Parents Outraged Over Middle School Yearbook Encouraging Students To Bully Each Other

Parents in Mississippi are outraged over a middle school's yearbook that encourages students to bully each other.

The Hancock Middle School in Mississippi released the yearbook to students, which contained answers to questions from prompts students were given to fill out. According to the Sun Herald, some of the prompts in the yearbook included "Which friend would you not invite on spring break?" and "I would like to spike a volleyball at..."

Shortly after the yearbook was sent home with students, numerous parents posted pictures of the prompts and criticized the school for allowing them to be included.

"Everyone wonders why the suicide rate is high in young children but look what HANCOCK MIDDLE SCHOOLS year book looks like..." Facebook user Tia Katrina wrote in a post, which included several pictures of the yearbook. "Can you imagine a kid that already has suicidal thoughts and then seeing something such as this sad excuse of a 'year book'."

Log into Facebook to start sharing and connecting with your friends, family, and people you know.

According to the Sun Herald, some of the other prompts in the yearbook asked students if they have ever avoided a friend, and one student responded by writing another student's name and saying yes, "because he's usually a brat in general." Another student responded to the prompt by saying "No I have never avoided a friend. That's just mean."

Other parents on Facebook likened the yearbook to a "burn book" as seen in the movie Mean Girls.

The Sun Herald also reported that one prompt in the yearbook said "I consider myself a..." which prompted one eighth grade student to provide her political affiliation, writing, "I believe that everyone should have freedom no matter there [sic] race or sexuality." Another student identified as a Republican and wrote, "You can't be a Democrat and a Christian," according to the Sun Herald.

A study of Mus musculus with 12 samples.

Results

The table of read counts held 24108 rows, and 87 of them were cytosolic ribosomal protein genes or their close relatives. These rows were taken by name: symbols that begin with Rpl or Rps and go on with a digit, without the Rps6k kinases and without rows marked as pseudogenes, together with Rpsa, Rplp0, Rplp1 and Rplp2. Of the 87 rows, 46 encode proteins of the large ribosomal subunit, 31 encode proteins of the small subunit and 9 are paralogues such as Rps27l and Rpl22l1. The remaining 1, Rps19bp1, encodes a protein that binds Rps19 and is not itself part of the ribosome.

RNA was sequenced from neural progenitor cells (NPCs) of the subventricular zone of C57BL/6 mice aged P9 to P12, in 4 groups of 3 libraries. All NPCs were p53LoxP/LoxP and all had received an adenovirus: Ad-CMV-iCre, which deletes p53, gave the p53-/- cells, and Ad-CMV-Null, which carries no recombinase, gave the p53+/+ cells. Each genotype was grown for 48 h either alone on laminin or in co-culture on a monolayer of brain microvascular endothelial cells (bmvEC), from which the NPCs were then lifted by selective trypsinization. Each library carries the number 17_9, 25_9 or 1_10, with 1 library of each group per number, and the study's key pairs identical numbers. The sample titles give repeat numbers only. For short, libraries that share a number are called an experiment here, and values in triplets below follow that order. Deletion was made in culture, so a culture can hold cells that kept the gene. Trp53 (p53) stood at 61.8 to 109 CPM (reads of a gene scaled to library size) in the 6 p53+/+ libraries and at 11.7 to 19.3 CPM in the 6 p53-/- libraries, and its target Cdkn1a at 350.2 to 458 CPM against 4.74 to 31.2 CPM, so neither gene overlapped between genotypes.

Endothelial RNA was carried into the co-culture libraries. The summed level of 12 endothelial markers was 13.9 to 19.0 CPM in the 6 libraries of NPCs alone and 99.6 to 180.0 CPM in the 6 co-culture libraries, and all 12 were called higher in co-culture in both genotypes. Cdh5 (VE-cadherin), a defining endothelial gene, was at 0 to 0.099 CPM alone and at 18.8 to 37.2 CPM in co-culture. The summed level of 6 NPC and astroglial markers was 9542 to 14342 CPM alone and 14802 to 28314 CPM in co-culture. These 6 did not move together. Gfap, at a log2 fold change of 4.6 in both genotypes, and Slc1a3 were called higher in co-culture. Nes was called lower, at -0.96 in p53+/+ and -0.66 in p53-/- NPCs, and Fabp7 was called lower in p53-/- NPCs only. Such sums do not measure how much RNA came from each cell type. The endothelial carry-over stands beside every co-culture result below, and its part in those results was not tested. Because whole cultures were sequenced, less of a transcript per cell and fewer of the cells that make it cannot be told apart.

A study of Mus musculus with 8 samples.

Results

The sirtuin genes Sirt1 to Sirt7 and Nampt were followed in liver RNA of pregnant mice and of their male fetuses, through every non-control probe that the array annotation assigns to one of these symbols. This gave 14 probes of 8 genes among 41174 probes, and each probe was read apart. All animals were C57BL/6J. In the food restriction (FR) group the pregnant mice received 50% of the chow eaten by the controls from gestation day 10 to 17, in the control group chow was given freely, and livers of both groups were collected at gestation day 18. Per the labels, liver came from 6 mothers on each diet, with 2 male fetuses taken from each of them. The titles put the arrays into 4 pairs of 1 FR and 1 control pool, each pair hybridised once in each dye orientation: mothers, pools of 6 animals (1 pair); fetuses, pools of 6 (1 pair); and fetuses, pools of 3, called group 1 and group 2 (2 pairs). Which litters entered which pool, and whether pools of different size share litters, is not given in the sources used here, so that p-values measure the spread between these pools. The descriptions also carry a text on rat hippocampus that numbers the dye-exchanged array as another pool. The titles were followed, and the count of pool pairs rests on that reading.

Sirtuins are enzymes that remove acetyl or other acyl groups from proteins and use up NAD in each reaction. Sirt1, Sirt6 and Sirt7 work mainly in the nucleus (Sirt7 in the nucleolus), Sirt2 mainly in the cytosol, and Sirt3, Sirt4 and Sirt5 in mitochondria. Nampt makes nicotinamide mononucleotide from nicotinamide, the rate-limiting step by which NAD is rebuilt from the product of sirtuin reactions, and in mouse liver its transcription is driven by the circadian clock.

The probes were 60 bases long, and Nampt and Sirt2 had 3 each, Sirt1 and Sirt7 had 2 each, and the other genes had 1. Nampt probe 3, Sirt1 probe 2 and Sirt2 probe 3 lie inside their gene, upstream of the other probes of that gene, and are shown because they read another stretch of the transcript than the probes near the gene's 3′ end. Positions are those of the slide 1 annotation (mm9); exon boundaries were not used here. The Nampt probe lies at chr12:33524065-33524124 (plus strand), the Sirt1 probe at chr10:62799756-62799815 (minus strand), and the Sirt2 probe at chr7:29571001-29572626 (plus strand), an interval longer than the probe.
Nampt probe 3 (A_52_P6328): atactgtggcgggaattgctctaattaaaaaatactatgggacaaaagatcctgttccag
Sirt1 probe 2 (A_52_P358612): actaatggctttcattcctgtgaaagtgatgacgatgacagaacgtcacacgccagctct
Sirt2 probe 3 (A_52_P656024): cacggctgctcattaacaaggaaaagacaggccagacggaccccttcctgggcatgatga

While speaking to the Sun Herald, Jennifer Adams, the parent of an eighth grade student at Hancock Middle School said, "I feel like the adult who oversees this either condones this behavior or wasn't doing their job...It reflects so bad on the entire school, which is heartbreaking because there are so many teachers that truly care about their students and the bullying problem."

School bus
A school bus is seen during a safety event for children at Trailside Middle School, in Ashburn, Virginia on August 25, 2015. Parents in Mississippi are outraged over a middle school's yearbook that encourages students to bully each other. Paul J. Richards/Getty

In a statement sent to the Sun Herald, the Hancock School District wrote, "We are aware of the unfortunate fact that the Hancock Middle School (HMS) 2020-2021 Yearbook contains sensitive and inappropriate comments from some of our students."

"The yearbook is student-led, student-published and has, in the past, been an award winning yearbook. The yearbook is, however, sponsor and administrator supervised; this yearbook should not have included the sensitive and inappropriate comments. Hancock Middle School has already taken measures to ensure that this never happens again," the statement added.

Newsweek reached out to the Hancock School District and the Hancock Middle School for comment but did not receive a response in time for publication.